First Lodge go to Berlin

Bnai Brith Berlin Trip 10 – 13 May 2018

Report by Valerie Boyd-Hellner

A group of us from Bnai Brith, First Lodge recently returned from a wonderful and very interesting trip to Berlin, beautifully organised by John Reeves, here in the UK and Andras Kain, president of Raoul Wallenberg Lodge in Berlin. Sadly, John and Maureen Reeves were unable to participate in the trip owing to illness, but Roma Gelberg and Martin Aarons very capably and good humouredly took over John’s role whilst we were in Berlin, so many thanks to all of them.

After a special treat on our first evening, seeing Verdi’s “A Masked Ball” at the Opera, we started our sightseeing and experiencing Berlin in earnest. Our tour guide, Nurit, an Israeli, living in Berlin for over 20 years, focused mainly on the Nazi era, the memory of which seemed to be at the back of our minds, throughout the tip. The beautiful wide boulevards and linden trees in this lovely, modern city seemed somewhat incongruous so close to the railway line at Gleis 17, from where so many Jews were deported to their final destinations. Seeing the Wannsee Conference Villa, the Topography of Terror in the shadow of what remains of the Berlin Wall close to the Brandenberg Gate and the “Memorial to Murdered Jews”, with its huge blocks of concrete above ground and its heartrending underground museum was painful and difficult. These were the big memorials, but wherever we walked, we saw “solpersteins”, small brass plaques embedded in the pavements outside homes, engraved with names and ages of individuals who had lived there and their fate, once they had been taken by the Nazis.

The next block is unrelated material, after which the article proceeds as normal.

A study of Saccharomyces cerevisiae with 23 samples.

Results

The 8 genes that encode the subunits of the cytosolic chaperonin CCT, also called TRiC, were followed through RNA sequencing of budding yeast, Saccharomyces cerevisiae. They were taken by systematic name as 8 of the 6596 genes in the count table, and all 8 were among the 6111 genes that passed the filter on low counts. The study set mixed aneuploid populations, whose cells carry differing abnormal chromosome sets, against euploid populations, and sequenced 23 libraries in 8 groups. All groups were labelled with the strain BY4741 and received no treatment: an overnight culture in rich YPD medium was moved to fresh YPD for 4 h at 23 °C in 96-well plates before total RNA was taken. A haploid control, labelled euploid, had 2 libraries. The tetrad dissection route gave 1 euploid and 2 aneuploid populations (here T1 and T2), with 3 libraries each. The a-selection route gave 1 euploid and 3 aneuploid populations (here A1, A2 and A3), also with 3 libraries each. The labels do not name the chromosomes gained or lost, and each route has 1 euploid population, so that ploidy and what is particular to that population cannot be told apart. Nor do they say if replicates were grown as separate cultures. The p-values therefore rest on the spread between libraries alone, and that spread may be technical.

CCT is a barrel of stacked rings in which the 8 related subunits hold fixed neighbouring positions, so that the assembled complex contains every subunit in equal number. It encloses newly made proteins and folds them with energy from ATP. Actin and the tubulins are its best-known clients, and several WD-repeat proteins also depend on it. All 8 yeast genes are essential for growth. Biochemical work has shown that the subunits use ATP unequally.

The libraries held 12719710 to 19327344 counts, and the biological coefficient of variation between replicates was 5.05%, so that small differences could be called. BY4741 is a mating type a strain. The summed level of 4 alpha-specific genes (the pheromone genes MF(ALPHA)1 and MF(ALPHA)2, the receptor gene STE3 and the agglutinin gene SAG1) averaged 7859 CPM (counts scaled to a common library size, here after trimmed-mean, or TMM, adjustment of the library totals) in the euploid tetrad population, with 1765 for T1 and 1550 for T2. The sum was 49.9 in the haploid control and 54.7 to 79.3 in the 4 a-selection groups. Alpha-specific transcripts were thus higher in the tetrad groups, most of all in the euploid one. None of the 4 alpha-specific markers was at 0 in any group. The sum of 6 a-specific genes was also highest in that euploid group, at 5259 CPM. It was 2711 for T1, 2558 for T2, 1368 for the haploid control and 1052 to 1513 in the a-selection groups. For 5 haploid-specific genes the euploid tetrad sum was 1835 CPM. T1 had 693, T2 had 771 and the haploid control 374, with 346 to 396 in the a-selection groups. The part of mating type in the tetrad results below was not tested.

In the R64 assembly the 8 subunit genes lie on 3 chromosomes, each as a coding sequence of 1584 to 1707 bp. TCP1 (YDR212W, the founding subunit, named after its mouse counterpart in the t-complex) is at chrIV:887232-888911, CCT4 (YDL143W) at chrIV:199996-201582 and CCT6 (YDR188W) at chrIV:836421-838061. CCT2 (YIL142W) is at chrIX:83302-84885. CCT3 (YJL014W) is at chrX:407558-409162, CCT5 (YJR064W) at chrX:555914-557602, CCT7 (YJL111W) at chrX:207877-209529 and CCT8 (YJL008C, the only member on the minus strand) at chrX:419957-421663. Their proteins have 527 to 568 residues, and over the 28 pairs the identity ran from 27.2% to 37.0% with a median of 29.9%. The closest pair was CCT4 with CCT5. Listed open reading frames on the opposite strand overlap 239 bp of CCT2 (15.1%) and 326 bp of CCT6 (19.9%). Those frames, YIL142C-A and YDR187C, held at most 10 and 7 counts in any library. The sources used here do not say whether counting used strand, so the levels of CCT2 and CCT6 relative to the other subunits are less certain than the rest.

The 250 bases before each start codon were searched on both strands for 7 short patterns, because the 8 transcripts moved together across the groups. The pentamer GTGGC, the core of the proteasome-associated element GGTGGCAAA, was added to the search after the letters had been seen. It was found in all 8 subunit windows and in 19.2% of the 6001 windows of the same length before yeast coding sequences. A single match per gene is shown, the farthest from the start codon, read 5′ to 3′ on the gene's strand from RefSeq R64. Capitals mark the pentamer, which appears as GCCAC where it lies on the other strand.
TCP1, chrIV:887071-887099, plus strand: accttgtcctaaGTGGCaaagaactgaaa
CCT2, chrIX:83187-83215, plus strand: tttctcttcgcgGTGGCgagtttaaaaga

On a more positive note, travelling around Berlin, seeing more sights and enjoying the weather, was a real pleasure. We mingled with our new Bnai Brith friends in Berlin and joined them together with the congregation of the Orthodox Synagogue for the Friday night service and very late meal and again on our final evening at a delightful Israeli restaurant where Rabbi Jonah Sievers, senior minister of the beautiful Pestalozzi Synagogue, gave us a talk on “Jewish Life in Germany in 2018”. It was heartening to hear how so many Jews, both affiliated and about 30,000 Israelis, unaffiliated to Synagogues, have now chosen to make their homes in Berlin, a city so conscious of its terrible past. How life has changed!

Following a delicious meal and presentations, we said goodbye and shalom to our new Bnai Brith friends and the following day, travelled home as we unravelled our mixed emotions of an interesting, unsettling but excellent trip.